Wednesday, April 18, 2012
'Heavy Metal' magazine April 1982
The April 1982 issue of 'Heavy Metal' features a front cover by Jim Burns titled 'Zipper', and a back cover by Luis Rey titled 'Safari Between the Ears'.
This issue provides the latest installments of Corben's 'Den II', Segrelle's 'The Mercenary','Incal Light' by Jodorowsky and Moebius, 'Nova II' by Garcia, and 'At the Middle of Cymbiola' by Renard and Schuiten.
The Dossier is expanded to five pages and features reviews of 'Private Eyes', the latest album by Hall and Oates, as well as the Police's 'Ghost in the Machine' and the eponymous first-album release by the TomTom Club. These reviews come late after the release of these albums, reflecting the comparatively slow reaction time of print media back in the 80s.
Thing's aren't helped by an editorial decision to use a contrived 'New Wave' approach to formatting the layout in The Dossier section; the 'Heads or Tails' column is illegible.....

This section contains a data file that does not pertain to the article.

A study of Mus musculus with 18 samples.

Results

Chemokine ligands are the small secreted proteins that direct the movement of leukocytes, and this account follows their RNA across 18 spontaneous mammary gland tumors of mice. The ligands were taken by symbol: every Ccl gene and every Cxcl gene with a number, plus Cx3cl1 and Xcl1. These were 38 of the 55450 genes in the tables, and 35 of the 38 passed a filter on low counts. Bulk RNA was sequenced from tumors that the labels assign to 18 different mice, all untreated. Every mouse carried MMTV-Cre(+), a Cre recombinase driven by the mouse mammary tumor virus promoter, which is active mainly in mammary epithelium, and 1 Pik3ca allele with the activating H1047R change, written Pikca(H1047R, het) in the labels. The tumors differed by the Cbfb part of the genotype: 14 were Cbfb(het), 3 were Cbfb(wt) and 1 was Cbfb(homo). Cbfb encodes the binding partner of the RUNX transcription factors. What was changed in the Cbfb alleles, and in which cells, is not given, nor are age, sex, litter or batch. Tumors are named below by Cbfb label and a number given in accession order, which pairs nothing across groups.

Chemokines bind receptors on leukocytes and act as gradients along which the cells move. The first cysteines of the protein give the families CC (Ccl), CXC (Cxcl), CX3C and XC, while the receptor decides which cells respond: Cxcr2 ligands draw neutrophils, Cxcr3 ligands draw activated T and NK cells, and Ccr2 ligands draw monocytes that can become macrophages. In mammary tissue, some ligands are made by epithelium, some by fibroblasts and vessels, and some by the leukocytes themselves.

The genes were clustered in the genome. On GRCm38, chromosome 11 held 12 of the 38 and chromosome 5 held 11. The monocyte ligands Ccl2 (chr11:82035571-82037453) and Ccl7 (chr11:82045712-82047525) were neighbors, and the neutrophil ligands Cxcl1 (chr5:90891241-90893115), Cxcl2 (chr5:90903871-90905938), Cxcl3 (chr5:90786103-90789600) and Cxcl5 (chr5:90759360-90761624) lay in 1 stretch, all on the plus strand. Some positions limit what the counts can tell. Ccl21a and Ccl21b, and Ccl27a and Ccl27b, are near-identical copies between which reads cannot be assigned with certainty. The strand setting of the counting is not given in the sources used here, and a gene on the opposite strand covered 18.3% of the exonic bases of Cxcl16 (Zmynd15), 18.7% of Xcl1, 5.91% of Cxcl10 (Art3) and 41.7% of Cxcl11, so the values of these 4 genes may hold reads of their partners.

Overall, this is a mediocre issue. The serial comics are given only a few pages each, and the magazine is taken up with too many inflated essays.
In one essay, 'J. G. Ballard: Visionary of the Apocalypse', Toby Goldstein travels to England to speak with that author. Goldstein's writing has the pretentious quality of a grad student thesis:
With the arrival of the mid-sixties mental/physical/social/moral revolution, J. G. Ballard adjusted his milieu to pit so-called civilized invention against primeval ego needs. The personal apocalypse had begun.
In a lengthy Editorial, Brad Balfour informs us that he detests the term 'sci fi' because it gives the genre a puerile connotation, and negates the pathbreaking fiction produced by Disch, Dick, and Ballard.
Somehow Italo Calvino, and (inevitably) William Burroughs, are name-dropped in case some actual Literary Critics may be reading, and need to be persuaded that SF is Legitimate Art.
I've posted scans of one of the passable single-shot strips, 'The Moment' by Harry North.